There have been lots of complaints about too many of the megabucks in the so-called stimulus bill being spent too far in the future, or perhaps just far enough in the future to try to affect the 2010 elections. Maybe it’s just me, but I didn’t realize until today that it also included going back and paying for things that already happened.
Note the following from this article about how the Senate now has this monster over $900B.
In a victory for auto manufacturers and dealers, Sen. Barbara Mikulski, D-Md., won a 71-26 vote to allow most car buyers to claim an income tax deduction for sales taxes paid on new autos and interest payments on car loans. The break would cost $11 billion over the coming decade but could mean savings of $1,500 on a $25,000 car.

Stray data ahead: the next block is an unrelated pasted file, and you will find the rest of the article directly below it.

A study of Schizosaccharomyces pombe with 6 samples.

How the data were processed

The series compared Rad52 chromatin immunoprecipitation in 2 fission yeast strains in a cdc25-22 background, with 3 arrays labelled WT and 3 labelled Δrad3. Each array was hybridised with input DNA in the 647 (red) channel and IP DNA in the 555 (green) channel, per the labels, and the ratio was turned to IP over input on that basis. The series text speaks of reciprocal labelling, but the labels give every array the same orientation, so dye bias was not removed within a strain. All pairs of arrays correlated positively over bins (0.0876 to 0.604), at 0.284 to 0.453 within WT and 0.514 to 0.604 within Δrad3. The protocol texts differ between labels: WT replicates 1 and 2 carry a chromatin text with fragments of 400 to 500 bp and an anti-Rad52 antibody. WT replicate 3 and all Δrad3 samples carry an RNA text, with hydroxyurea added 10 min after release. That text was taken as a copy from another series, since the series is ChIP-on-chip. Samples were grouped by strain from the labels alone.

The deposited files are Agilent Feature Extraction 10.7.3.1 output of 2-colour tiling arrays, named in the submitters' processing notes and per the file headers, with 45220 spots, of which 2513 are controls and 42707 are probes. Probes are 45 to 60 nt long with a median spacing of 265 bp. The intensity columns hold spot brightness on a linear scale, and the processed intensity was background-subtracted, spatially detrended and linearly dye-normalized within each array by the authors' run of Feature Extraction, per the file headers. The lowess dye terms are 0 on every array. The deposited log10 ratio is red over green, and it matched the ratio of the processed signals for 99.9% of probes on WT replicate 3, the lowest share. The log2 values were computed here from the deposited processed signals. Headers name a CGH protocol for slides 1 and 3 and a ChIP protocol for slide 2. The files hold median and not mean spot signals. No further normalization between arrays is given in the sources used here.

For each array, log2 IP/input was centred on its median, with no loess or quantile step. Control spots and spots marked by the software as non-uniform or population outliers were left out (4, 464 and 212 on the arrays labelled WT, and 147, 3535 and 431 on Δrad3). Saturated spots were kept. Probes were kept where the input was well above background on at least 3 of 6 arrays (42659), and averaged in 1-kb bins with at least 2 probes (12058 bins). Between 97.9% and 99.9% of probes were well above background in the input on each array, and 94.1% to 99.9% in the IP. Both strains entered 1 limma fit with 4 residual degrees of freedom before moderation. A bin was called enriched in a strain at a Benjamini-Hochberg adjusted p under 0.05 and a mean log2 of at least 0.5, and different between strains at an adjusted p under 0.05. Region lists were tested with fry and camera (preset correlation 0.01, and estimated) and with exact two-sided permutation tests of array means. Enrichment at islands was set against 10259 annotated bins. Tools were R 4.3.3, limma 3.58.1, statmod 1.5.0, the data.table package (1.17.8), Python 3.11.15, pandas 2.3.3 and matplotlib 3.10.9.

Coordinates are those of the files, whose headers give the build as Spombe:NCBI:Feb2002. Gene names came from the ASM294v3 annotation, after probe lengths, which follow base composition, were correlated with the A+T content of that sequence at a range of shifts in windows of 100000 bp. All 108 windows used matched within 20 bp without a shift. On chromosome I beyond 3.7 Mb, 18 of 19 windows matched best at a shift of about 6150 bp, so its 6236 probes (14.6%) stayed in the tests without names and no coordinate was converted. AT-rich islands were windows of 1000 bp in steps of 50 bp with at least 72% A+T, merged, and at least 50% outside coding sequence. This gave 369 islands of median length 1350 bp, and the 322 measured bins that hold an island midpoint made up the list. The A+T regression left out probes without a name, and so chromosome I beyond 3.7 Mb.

“Just as we need to get the housing market going, we need to get auto sales going,” said Sen. Debbie Stabenow, D-Mich.
Mikulski’s office put the cost of the automobile tax break she sponsored at $11 billion over 10 years. It would apply to the first $49,500 in the price of a new car purchased between last Nov. 12 and Dec. 31, 2009. Individuals with incomes of up to $125,000 and couples earnings as much as $250,000 could qualify, including those who do not itemize their deductions.
If you want to stimulate the economy down the road that’s fine. But giving a tax break to people who bought cars after some arbitrary date last year is no stimulus. They bought cars because 1) they must have needed one and 2) the price was right. You’re not stimulating the economy by making this “stimulus” retroactive are you?
This is silly for another reason. Why the arbitrary $49,500 cutoff? That would cover most people who bought SUVs. Is she supporting poisoning our air supply? Why not cut it off at total car price of say $20,000 or less instead of the “first” something to limit it to more greener vehicles? Should I get a tax break if I buy a Lamborghini Murcielago that gets 8/13 mpg?